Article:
Company culture is one of those things that can be easily dismissed as unimportant.
Many businesses don’t watch it the same way they track, say, service department efficiency or turn rate.
While often portrayed as a Google with Ping-Pong tables, culture is about way more than having fun.
Nothing brings that home more clearly than the recent report from General Motors on its failure to recall millions of vehicles due to a faulty ignition switch.
The problems with GM’s switch has been linked to more than 50 accidents and at least 13 deaths. Despite that, the company waited more than a decade to issue a recall.
In a report issued last week, the management at GM blamed the problem on the company’s culture. The investigation by former U.S. attorney Anton Valukas describes a corporate culture where one group after another at the company passed the problem on to someone else. In some cases, it was a failure to understand the mechanics of how the vehicles operated. In others, officials were deliberately misled by other employees.
It’s a stunning indictment of a lousy culture where no one wanted to be responsible for pointing out a problem. (You can read the full 325-page report here.)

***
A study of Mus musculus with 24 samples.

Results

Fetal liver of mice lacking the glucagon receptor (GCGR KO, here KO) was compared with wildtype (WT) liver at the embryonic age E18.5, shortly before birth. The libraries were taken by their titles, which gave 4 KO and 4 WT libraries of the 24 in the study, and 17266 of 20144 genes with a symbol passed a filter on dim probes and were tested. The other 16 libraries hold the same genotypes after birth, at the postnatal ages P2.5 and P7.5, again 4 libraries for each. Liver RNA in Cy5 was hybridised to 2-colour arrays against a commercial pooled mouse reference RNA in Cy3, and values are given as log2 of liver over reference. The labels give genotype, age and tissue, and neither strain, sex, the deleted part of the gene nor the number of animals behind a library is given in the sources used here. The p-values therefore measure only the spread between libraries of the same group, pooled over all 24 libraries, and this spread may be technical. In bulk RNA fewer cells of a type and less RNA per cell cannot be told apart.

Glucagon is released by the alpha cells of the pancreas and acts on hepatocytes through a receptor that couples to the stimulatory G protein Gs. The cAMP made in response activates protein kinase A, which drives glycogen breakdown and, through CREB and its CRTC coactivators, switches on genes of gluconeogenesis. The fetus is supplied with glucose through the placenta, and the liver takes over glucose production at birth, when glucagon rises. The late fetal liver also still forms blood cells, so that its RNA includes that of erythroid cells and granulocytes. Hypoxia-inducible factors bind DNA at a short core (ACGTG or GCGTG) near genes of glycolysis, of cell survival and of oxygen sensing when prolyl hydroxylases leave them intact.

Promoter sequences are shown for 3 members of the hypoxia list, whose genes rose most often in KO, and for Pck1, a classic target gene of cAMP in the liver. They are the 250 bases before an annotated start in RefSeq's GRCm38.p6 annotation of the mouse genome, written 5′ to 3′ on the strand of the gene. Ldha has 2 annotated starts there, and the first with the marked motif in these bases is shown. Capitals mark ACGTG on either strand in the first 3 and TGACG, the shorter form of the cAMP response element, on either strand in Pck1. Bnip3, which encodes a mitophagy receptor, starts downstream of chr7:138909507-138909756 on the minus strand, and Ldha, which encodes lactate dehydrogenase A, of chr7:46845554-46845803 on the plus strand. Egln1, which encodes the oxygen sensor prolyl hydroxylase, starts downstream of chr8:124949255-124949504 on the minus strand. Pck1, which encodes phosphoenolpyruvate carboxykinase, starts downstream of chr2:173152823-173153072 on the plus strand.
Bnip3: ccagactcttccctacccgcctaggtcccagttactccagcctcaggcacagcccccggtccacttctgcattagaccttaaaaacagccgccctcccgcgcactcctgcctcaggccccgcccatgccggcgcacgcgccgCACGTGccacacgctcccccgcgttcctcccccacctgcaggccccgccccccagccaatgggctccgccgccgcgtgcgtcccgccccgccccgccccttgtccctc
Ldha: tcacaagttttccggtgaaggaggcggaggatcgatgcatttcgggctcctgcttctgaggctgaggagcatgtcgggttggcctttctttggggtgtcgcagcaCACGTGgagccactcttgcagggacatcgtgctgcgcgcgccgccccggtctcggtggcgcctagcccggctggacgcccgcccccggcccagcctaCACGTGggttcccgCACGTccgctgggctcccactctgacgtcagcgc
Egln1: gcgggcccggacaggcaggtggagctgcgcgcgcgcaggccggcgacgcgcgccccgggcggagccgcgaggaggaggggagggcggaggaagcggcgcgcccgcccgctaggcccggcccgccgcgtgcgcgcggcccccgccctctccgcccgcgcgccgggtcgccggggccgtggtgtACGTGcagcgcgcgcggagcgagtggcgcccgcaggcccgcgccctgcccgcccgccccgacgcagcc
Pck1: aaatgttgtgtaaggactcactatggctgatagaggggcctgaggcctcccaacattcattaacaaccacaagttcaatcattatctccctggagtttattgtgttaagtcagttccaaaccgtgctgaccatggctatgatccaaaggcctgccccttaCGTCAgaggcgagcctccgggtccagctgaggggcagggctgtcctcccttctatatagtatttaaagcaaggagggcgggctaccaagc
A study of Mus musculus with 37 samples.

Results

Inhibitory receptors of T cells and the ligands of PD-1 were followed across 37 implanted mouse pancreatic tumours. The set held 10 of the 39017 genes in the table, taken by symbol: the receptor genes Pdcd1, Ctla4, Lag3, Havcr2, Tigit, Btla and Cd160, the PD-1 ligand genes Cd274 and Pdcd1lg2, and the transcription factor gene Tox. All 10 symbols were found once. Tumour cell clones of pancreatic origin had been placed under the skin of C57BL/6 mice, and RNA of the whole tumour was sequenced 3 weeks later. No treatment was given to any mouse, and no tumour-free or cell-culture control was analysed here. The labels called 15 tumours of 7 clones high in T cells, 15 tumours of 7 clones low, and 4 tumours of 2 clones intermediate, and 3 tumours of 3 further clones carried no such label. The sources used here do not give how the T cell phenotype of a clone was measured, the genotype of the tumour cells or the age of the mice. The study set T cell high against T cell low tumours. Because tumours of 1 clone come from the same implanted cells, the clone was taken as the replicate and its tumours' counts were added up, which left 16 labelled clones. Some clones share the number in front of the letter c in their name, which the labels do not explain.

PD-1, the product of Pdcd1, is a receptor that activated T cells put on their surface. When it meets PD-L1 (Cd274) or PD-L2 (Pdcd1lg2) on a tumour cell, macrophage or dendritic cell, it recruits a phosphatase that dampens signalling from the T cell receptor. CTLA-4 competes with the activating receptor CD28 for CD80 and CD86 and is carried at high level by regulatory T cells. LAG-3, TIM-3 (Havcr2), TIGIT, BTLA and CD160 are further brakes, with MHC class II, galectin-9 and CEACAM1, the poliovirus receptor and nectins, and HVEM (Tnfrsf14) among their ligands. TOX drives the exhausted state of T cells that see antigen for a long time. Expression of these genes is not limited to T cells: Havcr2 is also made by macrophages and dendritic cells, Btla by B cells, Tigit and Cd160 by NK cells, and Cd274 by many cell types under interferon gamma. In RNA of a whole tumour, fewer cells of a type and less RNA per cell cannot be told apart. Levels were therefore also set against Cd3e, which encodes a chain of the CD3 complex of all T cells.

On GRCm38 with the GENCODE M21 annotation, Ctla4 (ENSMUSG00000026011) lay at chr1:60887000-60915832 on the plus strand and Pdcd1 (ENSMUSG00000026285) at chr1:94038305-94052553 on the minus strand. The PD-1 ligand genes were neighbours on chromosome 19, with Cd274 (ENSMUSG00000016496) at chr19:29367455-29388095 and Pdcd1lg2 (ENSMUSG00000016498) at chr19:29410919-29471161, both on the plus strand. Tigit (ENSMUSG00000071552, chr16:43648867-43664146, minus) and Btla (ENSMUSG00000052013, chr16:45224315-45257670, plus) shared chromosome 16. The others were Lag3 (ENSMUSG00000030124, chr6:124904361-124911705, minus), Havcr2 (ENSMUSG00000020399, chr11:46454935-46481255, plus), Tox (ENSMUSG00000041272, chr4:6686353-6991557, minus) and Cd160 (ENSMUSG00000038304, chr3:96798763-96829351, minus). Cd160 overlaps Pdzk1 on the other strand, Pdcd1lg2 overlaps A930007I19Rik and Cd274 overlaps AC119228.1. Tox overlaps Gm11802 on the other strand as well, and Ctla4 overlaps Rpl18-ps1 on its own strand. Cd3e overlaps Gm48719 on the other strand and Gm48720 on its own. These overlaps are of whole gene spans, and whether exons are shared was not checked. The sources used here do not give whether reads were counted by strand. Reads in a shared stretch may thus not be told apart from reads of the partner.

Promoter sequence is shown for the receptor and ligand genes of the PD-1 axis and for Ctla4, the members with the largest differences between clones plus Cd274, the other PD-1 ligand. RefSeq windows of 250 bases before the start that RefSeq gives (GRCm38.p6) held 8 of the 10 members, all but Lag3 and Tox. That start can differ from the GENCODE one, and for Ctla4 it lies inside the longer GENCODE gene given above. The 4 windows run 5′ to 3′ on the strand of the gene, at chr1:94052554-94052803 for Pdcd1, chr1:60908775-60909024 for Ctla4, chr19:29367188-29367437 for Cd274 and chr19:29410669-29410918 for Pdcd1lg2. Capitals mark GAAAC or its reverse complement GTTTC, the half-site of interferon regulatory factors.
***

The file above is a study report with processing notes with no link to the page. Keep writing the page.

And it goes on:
Rather than finding a coverup, the investigation revealed an ingrained corporate culture in which employees failed to take responsibility for the ignition-switch problem or treat it with urgency. Investigators misdiagnosed it, and information that could have helped unravel the mystery remained trapped in GM’s bureaucratic silos, even as accidents and fatalities mounted.
It’s an extreme example of the tragic results of a poor culture, but certainly one we could see, in theory, in our industry if employees aren’t buying into the important of testing, for example, the safety of an engine.
The fallout’s not over yet from GM’s mishandling of the defect, but whatever the result it’s certainly not something any other company would want to replicate.